The best way to prevent your teeth from becoming decayed or damaged by a dental emergency is to make sure there’s no emergency to begin with. While it’s impossible to fully eliminate the risk of damaging your teeth, there are some precautionary measures you can take to keep your smile much safer. Dr. Johnson can offer you plenty of advice for protecting your pearly whites. If worst still comes to worst despite your best efforts, though, don’t hesitate to contact us for prompt and caring emergency treatment.
Cavities don’t always hurt in the early stages, but they can quickly spiral into a monster of a toothache if the decay reaches the sensitive pulp in the center of the tooth. Naturally, cutting down on sugar can drastically reduce this risk. It’s perfectly fine to indulge from time to time, but be sure to consume these things in moderation. Sipping sugary beverages through a straw can minimize direct contact with the teeth. Try to brush your teeth after eating or drinking these items, but if you can’t, at least swish some water around in your mouth.
Don’t bite down on anything that’s very hard, like peppermints or nut shells, as this could result in broken teeth. Similarly, you should also avoid using your teeth to open packages, hold bags of groceries, and chewing on inedible objects such as pen caps.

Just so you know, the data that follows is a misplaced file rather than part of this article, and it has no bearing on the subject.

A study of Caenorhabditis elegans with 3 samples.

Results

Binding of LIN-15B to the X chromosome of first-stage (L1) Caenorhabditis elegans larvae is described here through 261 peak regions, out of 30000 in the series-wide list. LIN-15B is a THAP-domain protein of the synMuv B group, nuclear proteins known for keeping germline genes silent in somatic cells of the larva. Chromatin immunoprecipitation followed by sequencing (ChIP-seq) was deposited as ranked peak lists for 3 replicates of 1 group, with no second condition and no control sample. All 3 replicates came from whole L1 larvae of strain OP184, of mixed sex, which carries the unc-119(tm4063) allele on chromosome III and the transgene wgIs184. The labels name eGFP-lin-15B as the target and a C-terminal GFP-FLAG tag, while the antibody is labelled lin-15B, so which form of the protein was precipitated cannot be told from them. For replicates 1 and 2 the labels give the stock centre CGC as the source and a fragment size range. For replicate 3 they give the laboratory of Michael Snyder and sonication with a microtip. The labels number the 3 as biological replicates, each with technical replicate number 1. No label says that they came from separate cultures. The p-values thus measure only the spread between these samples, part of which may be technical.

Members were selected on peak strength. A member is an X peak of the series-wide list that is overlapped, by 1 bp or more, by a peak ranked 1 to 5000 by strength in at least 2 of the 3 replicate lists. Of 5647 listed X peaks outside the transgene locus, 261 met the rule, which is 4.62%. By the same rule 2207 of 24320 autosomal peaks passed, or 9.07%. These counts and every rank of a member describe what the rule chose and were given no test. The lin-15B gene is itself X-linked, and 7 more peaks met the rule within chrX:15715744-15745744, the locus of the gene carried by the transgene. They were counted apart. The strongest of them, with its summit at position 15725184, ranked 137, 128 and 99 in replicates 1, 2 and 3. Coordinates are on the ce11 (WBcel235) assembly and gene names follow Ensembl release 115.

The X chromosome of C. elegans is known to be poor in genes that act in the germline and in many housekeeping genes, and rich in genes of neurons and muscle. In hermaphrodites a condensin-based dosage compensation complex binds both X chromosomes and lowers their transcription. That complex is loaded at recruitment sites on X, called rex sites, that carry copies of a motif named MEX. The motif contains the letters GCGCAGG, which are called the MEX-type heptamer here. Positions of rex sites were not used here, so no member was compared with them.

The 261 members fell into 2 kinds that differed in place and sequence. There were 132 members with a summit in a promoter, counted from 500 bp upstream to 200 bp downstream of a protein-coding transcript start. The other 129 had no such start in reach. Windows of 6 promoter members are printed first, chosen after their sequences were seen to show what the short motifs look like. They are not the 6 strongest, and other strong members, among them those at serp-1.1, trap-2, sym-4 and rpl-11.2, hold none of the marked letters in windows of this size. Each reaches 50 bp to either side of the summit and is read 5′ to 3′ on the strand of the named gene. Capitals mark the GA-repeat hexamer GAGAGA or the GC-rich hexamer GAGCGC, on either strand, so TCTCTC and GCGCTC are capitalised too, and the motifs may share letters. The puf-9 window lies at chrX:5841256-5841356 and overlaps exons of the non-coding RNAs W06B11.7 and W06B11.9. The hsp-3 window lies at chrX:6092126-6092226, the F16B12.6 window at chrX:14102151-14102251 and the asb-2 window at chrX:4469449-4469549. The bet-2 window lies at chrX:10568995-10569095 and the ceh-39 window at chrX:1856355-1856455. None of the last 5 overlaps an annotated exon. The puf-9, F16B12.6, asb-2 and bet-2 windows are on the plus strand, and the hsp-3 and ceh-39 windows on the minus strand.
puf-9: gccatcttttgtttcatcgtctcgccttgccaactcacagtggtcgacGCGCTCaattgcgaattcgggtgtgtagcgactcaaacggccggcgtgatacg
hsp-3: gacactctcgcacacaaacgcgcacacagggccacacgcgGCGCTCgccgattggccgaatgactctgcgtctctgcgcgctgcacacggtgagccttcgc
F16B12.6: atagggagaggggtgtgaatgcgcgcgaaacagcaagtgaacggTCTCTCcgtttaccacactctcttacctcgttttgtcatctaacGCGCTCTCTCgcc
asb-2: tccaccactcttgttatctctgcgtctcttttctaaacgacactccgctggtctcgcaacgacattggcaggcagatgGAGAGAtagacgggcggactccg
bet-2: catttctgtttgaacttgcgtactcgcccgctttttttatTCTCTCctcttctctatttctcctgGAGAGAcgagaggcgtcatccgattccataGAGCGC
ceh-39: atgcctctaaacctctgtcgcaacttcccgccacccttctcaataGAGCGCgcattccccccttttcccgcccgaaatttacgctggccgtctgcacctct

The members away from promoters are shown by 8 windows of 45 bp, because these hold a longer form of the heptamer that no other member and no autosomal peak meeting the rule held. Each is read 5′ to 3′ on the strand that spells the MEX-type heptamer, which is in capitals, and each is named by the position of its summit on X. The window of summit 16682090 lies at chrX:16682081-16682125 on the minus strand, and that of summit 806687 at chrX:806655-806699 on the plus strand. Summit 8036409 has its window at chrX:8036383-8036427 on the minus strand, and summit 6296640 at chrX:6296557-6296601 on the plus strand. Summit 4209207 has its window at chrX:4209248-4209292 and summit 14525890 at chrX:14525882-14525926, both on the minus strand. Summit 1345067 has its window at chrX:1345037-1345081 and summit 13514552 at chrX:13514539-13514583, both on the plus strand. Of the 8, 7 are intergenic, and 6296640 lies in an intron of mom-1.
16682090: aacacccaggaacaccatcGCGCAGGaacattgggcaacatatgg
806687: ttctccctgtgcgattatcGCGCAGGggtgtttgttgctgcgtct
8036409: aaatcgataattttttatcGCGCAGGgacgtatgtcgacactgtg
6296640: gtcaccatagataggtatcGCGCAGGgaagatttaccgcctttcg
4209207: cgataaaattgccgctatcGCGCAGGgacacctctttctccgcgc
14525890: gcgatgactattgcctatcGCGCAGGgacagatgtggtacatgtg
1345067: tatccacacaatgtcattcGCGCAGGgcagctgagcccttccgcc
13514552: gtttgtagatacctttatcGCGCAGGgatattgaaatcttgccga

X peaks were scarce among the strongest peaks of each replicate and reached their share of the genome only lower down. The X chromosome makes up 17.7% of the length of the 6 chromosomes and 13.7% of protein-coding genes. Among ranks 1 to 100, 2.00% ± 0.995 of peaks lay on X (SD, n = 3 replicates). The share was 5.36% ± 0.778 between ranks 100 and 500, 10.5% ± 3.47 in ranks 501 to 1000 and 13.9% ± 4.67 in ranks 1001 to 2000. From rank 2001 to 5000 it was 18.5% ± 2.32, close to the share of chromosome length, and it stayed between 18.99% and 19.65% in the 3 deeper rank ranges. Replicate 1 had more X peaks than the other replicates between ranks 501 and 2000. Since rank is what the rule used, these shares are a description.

Contact sports like martial arts or football carry a high risk of mouth injuries that could result in a tooth getting loosened or even knocked out entirely. To protect your smile from injury, wear a mouthguard whenever you engage in this sort of activity.
Your teeth might also be at risk for damage while you’re asleep. Many people suffer from bruxism (unconscious teeth grinding or jaw clenching that often happens while sleeping). This can wear down or weaken your enamel. Wearing a nightguard to bed can provide cushioning between your top and bottom teeth, avoiding this problem.
If you go even 12 hours without brushing and flossing, plaque in your mouth hardens into tartar. Because you can’t get rid of tartar by yourself (only a dental professional can remove it), the bacteria in it have ample time to damage your teeth and gums by causing painful infections. To prevent this, brush twice a day for two minutes a time, taking care to clean every surface of each tooth. Flossing daily can remove plaque from hard-to-reach areas.
Also, be sure to attend a dental checkup and cleaning at least twice a year. Not only do cleanings remove built-up plaque and tartar, but regular exams allow Dr. Johnson to spot and treat problem areas before they have the chance to spiral into full-blown emergencies.